UN hackathon produces surprising results

/ Author: Miriam van der Sangen
© Hollandse Hoogte / David Rozing
From 5 to 7 September 2017, the United Nations Economic Commission for Europe (UNECE) organised a virtual hackathon on ‘Telling stories with SDG data’. Fifteen teams from nine different countries participated out of their own workplace. Across various time zones, they took on the challenge of inventing an innovative product for the general public about the younger generation (15 to 24 years) and their relation to Sustainable Development Goals (SDGs). Barteld Braaksma, Innovation Manager at Statistics Netherlands (CBS), co-organised the event on behalf of Statistics Netherlands (CBS) and the UN’s Economic Commission for Europe (UNECE), while CBS Divisional Director Hanneke Imbens was one of the judges who reviewed the entries.


Thérèse Lalor, one of the organisers of the virtual hackathon and also working at UNECE: ‘The main reason for organising this virtual hackathon was that, as indicated by the High-Level Group for the Modernisation of Official Statistics, we should meet the needs of statistical offices in the field of ‘storytelling’and share experiences and knowledge. In this case, participants were asked to create an innovative visualisation appealing to a wider audience that would show young people between the ages of 15 and 24 who are neither in employment nor in education or training.’ This assignment was tackled by teams representing statistical offices from Ireland, Hungary, Poland, Slovenia, the United Kingdom, Canada, Mexico and New Zealand as well as Eurostat.

Creativity and enthusiasm

As the Innovation Manager at CBS and UNECE, Barteld Braaksma was involved in developing the first rough ideas for this hackathon. As member of the organising committee, he attended several progress sessions together with the participants. He also contributed to the final assessment of the ideas submitted. ‘My contribution was mainly to serve as a sounding board for the organisers. Things went smoothly despite the fact that the hackathon had to be organised during the summer period and at short notice. I was surprised by the creativity, the enthusiasm and the concrete results shown by the teams. Some teams did run into some technical issues, and the time differences sometimes made communication trickier , but this event concept is definitely worth repeating and will likely even get a rerun on a yearly basis.’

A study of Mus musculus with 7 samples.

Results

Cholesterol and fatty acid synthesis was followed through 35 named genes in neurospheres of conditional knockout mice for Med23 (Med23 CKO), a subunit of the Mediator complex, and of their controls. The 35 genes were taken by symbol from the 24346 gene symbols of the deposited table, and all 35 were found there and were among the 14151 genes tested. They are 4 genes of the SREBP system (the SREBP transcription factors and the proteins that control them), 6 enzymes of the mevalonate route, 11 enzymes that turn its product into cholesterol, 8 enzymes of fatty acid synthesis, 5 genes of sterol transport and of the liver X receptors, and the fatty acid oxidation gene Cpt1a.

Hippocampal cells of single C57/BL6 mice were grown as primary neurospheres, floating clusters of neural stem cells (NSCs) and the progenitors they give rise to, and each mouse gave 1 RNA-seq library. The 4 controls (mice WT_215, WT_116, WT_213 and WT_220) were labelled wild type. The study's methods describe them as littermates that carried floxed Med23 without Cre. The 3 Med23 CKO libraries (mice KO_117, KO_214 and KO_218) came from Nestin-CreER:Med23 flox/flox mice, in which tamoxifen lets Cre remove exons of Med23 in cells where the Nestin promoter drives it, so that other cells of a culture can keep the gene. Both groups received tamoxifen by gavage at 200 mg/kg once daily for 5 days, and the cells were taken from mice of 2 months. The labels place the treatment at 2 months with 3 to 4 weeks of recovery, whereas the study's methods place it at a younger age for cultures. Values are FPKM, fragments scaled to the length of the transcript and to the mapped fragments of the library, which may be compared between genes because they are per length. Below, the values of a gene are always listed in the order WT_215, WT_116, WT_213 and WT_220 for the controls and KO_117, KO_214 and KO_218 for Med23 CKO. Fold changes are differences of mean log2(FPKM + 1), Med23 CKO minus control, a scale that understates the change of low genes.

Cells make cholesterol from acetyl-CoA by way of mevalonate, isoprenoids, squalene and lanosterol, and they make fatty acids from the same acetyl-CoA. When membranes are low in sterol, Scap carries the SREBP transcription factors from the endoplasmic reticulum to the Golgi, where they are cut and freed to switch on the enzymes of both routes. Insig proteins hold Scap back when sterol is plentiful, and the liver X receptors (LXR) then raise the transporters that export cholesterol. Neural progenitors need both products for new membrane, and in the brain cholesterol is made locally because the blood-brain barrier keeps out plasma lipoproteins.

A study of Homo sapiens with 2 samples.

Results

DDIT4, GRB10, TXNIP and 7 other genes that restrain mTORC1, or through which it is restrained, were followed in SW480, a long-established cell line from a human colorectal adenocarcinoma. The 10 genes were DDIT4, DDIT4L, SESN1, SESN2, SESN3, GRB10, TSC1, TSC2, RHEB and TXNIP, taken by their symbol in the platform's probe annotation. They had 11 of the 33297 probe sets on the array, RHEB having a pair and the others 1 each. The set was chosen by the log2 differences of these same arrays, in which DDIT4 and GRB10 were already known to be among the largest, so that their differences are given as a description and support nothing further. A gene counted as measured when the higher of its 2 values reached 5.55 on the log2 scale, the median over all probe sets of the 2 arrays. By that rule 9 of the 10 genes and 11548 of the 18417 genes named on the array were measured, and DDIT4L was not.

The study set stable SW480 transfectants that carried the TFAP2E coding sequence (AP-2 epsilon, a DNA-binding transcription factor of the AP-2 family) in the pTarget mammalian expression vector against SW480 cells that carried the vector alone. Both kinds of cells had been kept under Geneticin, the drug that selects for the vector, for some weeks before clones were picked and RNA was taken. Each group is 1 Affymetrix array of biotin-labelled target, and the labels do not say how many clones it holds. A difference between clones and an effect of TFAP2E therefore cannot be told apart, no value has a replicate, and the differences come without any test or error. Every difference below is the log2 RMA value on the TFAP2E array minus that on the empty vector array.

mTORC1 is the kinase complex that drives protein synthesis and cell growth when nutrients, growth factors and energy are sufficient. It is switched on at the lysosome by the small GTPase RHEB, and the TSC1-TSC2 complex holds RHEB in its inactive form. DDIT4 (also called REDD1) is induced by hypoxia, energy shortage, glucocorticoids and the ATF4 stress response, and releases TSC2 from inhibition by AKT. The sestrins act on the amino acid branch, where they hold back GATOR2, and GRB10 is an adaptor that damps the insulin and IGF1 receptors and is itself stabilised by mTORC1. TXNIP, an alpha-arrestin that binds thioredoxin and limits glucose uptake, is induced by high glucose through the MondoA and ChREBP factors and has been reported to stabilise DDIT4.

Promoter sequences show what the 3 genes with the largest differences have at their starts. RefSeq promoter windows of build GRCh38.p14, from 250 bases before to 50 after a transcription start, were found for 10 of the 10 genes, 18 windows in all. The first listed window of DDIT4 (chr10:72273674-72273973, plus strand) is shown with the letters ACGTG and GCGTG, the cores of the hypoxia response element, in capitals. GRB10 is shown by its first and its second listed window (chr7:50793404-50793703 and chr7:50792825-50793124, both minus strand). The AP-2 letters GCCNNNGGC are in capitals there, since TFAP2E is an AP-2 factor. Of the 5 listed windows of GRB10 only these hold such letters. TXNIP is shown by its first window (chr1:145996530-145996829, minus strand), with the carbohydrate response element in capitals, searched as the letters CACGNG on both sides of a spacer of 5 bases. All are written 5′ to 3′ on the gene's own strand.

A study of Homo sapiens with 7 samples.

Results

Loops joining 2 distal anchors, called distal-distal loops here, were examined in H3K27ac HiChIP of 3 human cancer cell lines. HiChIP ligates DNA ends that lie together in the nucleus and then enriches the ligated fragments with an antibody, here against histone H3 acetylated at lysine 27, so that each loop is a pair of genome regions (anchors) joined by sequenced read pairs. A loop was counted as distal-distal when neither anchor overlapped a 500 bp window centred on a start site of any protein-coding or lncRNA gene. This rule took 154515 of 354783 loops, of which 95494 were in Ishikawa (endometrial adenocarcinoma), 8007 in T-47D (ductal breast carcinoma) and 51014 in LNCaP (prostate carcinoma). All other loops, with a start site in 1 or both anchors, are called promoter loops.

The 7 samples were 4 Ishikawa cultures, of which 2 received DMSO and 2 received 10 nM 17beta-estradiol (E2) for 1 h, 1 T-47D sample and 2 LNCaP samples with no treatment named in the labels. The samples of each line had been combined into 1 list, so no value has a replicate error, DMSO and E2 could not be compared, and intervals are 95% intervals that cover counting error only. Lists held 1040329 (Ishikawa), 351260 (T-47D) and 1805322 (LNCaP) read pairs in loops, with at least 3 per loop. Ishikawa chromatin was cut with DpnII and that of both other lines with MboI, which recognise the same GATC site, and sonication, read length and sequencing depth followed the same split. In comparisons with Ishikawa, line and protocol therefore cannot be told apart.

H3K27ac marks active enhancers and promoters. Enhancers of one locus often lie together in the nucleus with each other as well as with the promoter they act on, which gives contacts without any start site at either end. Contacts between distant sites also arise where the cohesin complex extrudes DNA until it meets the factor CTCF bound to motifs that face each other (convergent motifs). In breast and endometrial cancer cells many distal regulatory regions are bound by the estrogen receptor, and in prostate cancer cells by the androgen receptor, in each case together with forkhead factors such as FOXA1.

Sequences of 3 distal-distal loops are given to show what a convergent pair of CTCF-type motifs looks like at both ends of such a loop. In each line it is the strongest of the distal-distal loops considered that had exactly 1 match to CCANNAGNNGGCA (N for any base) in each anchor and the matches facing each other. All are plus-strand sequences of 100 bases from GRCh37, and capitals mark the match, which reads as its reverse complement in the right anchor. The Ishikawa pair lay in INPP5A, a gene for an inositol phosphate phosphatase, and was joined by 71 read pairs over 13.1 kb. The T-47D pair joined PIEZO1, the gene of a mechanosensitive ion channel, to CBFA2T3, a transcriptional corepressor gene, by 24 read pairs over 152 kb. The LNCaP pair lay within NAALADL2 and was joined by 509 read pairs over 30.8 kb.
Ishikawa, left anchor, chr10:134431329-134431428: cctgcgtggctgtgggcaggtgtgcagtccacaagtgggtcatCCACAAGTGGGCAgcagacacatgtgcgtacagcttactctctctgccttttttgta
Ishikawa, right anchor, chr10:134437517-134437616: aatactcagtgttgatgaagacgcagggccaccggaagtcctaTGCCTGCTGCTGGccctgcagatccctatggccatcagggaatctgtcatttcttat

‘This event concept is definitely worth repeating and will likely even get a rerun on a yearly basis’  


Innovation lab

One of the participating teams consisted of researchers from Statistics Canada and Global Affairs Canada (which maintains the country’s diplomatic and consular relations and promotes international trade on behalf of the Canadian government). They set to work at Statistics Canada’s newly opened innovation lab. Tabitha Williams of Statistics Canada explains: ‘We wanted to show how statistical organisations can reach out to young people and get them involved in SDGs. The hackathon allowed us to experiment with new technologies, tools and approaches.’ Eleanor Melanson of Global Affairs Canada adds: ‘We created a website on which users can answer quiz questions that appraise their individual priorities, their lifestyle and their preferences towards SDGs. Going through the site in a particular order, they will be able to determine their own degree of involvement with SDGs using data, videos, texts and visualisations. At the end of the quiz, the user can see his or her own SDG profile and use that for social media sharing.’

Surprising results

According to Lalor and Braaksma, the teams showed some remarkable and very different results within a timeframe of 64 hours. The judges including Hanneke Imbens shared this opinion: ‘The jury reviewed the entries on the basis of four different criteria: Did the product answer our question, what is its visual quality and creativity, what about the user experience, and how clear is the message to the general public? Apart from the jury, the general public were asked to vote for the most innovative product.’ Imbens is enthusiastic about the short timeframe in which the teams delivered videos and animations that were a technical, creative and innovative challenge. ‘Not every product was completed within those 64 hours, but three days of hard work did lead to very surprising results.’ At the end, the jury chose the winning teams on 15 September: Mexico, New Zealand and Poland.